A third of retailers issued a profit warning last year following a “bruising” year for the UK high street.
For the second year in a row, a third or more of the FTSE retailer sector warned on lower profits over the course of 2019.
The number of profit warnings fell from 36 in 2018 to 32 last year, with just four warnings in the final quarter.
However, the crucial Christmas trading period was disappointing for many retailers, and profit warnings in January have already topped the fourth quarter total, according to research by professional services firm EY.
Superdry, Joules and John Lewis are among the high street brands to issue profit warnings this month, citing weak sales over the festive trading period.
EY restructuring partner Lisa Ashe said: “Weak consumer confidence, rising costs and intense promotional activity have created an exceptionally tough climate for retailers, who face an additional race to adapt to rapidly changing shopping habits.
“Post-Christmas trading updates once again underlined the stark contrast between the retailers that are creating compelling, engaging online and store offering, and those who have fallen behind.”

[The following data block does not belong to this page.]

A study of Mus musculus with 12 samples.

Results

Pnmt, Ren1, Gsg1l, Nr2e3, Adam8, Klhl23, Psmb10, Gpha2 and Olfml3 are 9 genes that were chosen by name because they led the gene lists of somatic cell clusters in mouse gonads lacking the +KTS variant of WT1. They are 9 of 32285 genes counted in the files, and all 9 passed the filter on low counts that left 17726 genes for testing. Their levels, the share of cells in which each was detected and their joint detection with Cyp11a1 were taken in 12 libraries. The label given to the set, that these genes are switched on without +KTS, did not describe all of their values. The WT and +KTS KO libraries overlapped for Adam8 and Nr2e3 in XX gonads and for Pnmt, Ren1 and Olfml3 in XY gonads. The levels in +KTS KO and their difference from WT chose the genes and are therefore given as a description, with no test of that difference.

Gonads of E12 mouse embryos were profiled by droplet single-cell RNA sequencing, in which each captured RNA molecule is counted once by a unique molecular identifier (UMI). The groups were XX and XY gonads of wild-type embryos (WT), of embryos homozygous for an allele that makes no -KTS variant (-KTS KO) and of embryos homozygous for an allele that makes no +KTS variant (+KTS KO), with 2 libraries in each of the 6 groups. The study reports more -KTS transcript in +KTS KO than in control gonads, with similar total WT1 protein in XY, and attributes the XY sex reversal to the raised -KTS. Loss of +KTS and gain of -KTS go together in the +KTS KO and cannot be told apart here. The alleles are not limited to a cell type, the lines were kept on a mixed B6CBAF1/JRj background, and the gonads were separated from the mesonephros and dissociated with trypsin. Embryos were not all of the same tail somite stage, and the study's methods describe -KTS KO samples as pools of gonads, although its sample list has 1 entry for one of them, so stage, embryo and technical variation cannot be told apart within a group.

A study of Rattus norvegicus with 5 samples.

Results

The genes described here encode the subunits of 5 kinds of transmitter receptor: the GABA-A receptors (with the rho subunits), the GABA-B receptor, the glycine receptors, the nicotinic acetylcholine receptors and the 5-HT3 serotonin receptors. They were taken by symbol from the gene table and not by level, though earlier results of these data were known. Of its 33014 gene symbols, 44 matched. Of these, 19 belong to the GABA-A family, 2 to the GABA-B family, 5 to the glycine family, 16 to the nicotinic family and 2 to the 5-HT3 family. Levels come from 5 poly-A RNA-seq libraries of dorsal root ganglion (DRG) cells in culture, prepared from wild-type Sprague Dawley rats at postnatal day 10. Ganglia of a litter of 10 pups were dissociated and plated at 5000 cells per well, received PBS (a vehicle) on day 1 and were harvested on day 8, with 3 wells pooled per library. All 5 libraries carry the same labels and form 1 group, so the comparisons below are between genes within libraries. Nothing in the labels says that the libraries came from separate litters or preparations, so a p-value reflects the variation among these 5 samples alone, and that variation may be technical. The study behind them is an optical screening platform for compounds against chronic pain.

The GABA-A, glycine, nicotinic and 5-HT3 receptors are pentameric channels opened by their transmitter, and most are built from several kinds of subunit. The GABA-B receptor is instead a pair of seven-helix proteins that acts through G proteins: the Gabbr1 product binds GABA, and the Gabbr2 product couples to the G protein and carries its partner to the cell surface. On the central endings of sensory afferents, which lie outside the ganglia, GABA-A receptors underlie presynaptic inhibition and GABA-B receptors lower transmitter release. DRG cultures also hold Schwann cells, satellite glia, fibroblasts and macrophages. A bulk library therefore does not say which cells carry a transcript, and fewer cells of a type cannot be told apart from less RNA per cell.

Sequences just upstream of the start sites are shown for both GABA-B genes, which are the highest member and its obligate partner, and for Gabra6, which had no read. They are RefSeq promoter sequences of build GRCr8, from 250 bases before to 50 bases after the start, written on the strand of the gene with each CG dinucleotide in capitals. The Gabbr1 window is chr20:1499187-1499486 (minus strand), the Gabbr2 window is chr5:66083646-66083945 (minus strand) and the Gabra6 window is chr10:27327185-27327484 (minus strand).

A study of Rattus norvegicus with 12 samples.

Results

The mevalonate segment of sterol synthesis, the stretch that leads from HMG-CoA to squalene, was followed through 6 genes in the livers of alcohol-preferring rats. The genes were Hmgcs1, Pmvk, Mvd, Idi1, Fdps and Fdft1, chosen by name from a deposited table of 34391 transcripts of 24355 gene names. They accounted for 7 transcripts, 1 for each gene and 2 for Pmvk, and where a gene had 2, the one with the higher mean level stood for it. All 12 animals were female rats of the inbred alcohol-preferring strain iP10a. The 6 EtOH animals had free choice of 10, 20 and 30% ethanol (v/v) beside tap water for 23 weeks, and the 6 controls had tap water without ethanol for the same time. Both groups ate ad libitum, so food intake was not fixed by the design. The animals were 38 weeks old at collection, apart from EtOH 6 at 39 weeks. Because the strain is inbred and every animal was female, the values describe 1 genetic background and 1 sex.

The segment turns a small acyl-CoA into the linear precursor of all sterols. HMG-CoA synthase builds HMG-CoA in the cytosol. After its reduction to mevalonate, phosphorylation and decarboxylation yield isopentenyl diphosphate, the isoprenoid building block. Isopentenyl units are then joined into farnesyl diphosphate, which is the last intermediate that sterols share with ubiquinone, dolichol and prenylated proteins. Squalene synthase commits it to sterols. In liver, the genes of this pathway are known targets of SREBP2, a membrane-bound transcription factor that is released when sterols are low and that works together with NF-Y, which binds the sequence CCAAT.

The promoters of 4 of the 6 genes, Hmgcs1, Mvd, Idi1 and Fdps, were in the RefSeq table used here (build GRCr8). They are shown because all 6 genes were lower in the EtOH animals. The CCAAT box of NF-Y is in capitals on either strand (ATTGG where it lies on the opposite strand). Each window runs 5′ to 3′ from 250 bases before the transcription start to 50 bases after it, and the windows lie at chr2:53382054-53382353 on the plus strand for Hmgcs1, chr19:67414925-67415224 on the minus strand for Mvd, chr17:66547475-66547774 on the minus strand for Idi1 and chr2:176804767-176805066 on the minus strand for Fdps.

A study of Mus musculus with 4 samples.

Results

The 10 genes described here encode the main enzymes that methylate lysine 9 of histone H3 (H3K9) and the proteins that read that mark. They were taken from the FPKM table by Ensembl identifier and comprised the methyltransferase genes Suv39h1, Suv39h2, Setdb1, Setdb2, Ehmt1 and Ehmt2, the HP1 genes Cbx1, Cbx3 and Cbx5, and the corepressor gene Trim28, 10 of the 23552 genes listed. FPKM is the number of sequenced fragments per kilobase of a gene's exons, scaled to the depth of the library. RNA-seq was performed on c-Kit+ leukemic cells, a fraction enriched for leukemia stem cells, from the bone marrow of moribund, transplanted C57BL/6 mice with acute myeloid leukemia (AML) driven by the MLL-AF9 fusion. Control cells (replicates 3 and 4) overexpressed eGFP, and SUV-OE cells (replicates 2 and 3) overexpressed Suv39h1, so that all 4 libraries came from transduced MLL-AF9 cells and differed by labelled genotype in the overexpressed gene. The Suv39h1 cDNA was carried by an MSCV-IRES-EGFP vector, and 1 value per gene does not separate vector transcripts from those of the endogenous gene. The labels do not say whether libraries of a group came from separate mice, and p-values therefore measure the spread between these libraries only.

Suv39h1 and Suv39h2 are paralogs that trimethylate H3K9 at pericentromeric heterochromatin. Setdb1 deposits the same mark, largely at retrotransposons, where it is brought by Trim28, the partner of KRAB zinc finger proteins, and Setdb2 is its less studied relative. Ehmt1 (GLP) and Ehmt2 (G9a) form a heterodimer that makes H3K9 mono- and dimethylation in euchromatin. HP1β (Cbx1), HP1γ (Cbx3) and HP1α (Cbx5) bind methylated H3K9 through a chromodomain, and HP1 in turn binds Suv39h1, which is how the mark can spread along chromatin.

According to EY research profit warnings for UK businesses overall were “exceptionally high”, rising nine per cent year-on-year to 313 – the most recorded since 2015.
Retailers issued the most warnings during the year, followed by industrial support services, and software and computer services.
During the fourth quarter, 22 per cent of profit warnings blamed political uncertainty, while a third cited delayed or cancelled contracts.
Alan Hudson, head of restructuring at EY, said: “2019 was a challenging year, full of twists and turns that undoubtedly contributed to a remarkably high level of profit warnings.
“A toxic combination of protracted uncertainty and rapid sector change left many companies facing an uphill struggle to meet their earnings forecasts in 2019.”